No gains; it was all pain Demonetisation success in question as RBI annual report says that 99 per cent of invalidated cash has come back 




    By HarvinderAhuja

    It’s official now! The demonetisation was a flop show and it failed to achieve any of the objectives stated by Prime Minister Narendra Modi while announcing the historic decisionon November 8 last year. Even the changed goalposts, which the Government kept on announcing during the course of the exercise, have been achieved in a limited, rather illusory manner.

    The Reserve Bank of India has said that as much as Rs15.28 lakh crore of the high-value currency that was demonetized had returned to the central bank.“Subject to future corrections, based on the verification process when completed, the estimated value of SBNs [specified bank notes] received as on June 30, 2017, is Rs15.28 trillion,” the RBI said in its annual report released on Wednesday.

    With as much as 99 per cent of the demonetized Rs 500 and Rs 1,000 notes having been deposited or exchanged, one can legitimately ask the question whether the massive disruption that the whole exercise caused was really worth it. The RBI data proves that the pain which the entire nation went through was totally disproportionate tothe gains that accrued to the economy.

    Scrapping of the higher denomination notes had caused acute hardship to people and businesses at large. Massive queues outside banks and ATMs had become a perennial sight when the deposit/exchange window was open during the exercise. Frayed tempers were witnessed all around and there were fights, violence and even loss of lives.

    Economic activity faced a slowdown, and came to a standstill in some sectors, because of the liquidity crunch caused by elimination of large amount of cash from the system. There were a huge number of job losses and many had to undergo pay-cuts. The biggest sufferer was the informal sector which saw shutting down of many units. Overall, the economy suffered a 2 per cent hit, as was already predicted by many economists, including former Prime Minister Manmohan Singh.

    The prime objective of the demonetisation, as the PM had stated in his November 2016 address, was unearthing black money. Since mere 1 per cent of the currency has not come back to the RBI, it shows how that vote-catching gimmick has come a cropper. Moreover, it also proves that a major chunk of the black money is not hoarded in cash. There are many other avenues available, benami transaction and property investment being two obvious ones.

    The RBI annual report says that at least Rs 16,000 crore did not return to the system out of the total value of Rs 500 and Rs 1000 notes in circulation worth Rs 15.44 lakh crore. This also is no gainer as the apex bank spent Rs 7,965 crore, nearly half of the Rs 16,000 crore, for printing new notes between July 2016 and June 2017.

    The other ‘noble’ objective of the exercise was to end the dangers posed by counterfeit currency, the growth of which was proving a major headache for RBI. In fact, the central bank had told a parliamentary committee in July this year that ending the counterfeit currency menace was one of the reasons for accepting the Government’s demonetisaton move.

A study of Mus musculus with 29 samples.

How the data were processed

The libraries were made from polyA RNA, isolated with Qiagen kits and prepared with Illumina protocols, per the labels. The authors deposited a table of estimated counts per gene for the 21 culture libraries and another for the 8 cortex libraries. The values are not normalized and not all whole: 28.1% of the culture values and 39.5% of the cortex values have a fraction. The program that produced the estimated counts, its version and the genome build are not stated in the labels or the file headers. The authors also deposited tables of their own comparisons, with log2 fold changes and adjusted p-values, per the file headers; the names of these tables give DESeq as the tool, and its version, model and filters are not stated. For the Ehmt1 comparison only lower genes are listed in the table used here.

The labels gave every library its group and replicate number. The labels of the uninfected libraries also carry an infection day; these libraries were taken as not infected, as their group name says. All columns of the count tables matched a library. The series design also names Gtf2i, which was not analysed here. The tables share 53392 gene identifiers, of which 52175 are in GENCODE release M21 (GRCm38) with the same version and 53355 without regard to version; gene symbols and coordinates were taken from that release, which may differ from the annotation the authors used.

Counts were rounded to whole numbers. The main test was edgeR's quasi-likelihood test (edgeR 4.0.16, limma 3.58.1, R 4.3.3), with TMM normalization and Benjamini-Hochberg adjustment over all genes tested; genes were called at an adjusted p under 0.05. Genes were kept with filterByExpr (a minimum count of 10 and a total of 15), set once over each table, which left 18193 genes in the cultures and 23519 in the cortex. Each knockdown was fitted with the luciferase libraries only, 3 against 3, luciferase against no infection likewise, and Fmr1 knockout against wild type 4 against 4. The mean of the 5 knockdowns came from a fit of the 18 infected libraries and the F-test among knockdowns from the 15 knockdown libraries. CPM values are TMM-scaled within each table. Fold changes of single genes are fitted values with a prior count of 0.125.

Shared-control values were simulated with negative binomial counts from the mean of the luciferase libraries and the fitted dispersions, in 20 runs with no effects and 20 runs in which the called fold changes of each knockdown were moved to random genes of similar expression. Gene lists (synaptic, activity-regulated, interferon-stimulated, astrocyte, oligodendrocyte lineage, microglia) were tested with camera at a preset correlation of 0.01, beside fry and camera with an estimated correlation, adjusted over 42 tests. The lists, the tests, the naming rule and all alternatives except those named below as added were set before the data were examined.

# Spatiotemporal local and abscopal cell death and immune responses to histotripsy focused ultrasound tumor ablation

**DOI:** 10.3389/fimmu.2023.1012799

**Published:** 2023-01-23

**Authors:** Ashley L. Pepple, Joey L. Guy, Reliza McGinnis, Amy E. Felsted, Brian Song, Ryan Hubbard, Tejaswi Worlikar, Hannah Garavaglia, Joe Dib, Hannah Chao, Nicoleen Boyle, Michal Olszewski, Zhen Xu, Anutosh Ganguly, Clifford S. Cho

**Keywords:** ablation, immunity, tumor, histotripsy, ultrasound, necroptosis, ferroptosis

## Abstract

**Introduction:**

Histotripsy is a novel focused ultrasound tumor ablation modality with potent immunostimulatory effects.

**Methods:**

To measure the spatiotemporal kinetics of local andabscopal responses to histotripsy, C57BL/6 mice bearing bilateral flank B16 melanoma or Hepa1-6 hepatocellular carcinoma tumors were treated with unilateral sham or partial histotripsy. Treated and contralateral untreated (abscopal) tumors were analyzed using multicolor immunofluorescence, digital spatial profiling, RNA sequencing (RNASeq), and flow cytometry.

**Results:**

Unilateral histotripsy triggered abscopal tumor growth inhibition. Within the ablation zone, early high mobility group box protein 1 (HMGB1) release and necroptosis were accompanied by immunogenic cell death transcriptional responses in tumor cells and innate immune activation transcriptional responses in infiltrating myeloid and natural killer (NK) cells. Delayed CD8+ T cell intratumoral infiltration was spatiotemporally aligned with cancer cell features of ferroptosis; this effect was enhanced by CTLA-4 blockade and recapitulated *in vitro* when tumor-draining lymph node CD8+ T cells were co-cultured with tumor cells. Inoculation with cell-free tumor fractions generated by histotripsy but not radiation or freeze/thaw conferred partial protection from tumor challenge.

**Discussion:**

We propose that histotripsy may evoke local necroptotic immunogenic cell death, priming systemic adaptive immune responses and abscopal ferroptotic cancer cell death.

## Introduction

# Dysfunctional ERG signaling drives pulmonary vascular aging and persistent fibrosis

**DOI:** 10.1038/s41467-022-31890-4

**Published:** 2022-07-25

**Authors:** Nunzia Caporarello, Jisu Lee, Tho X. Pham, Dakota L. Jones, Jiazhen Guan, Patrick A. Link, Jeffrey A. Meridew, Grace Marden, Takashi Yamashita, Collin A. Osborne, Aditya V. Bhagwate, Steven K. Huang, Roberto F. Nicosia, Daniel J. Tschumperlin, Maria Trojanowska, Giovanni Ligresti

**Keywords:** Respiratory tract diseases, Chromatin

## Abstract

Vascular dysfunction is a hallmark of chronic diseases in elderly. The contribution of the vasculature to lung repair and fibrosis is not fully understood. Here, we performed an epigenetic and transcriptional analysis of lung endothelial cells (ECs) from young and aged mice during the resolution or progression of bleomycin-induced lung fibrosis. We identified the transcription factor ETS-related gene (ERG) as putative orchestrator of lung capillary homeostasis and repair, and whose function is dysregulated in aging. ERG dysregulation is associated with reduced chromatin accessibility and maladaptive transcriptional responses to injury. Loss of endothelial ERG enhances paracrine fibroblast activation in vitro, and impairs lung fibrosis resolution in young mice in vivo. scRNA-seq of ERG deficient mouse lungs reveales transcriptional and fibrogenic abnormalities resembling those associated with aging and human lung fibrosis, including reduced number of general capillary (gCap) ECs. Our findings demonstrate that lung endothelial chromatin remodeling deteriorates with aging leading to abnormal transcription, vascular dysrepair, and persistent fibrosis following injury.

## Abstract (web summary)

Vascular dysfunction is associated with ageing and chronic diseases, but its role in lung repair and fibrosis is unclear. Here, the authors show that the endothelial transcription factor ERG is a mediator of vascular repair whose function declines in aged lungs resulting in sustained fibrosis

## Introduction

Though the RBI’s Wednesday report stated that counterfeit notes detected were 20.4 per cent higher than the previous year, the total value of fake demonetized Rs 500 and Rs 1000 notes in 2016-17 was just Rs 41 crore. That much for the Government’s ‘major war’ against fake currency!

    The Government had also claimed that by eliminating fake currency it would curb terror funding and cripple drug trafficking industry as both are heavily dependent on counterfeit notes. How far it can achieve these worthy goals with this miniscule amount is anybody’s guess.

    During the months when the demonetisation process was on and when the Government realised that it had bitten more than it could chew, it started shifting goalposts. A key objective of the exercise suddenly became cashless economy. Given the liquidity crunch during those days, people did resort to digital transactions in large numbers. A massive campaign was unleashed by the Government to promote cashless or ‘less-cash’ economy and, for some time, PayTm and other digital wallets had a field day. Once the situation eased and cash flooded back into the system, it was back to normal. Leaving aside metros and big cities, digital transactions seems like history now.

    Another claim made recently by the Government was that that tax base in the country had widened post-demonetisation. It proudly announced that 25 per cent more had come under taxation ambit after this exercise. There is no fudging of figures here, but it conveys only the half-truth. The rise in tax base is a routing phenomenon and last fiscal’s growth figure was even above this—27 per cent!

    However, the failure on all these counts, as proved by the RBI annual report, has not deterred the Government from claiming success of its demonetisation decision. It is fighting shy of admitting that a policy decision of momentous proportions was taken without doing any detailed, economic analysis of its impact. It is sitting smug on its ‘achievement’ and won’t hesitate to sell it to masses to catch votes during future elections. Good luck to it!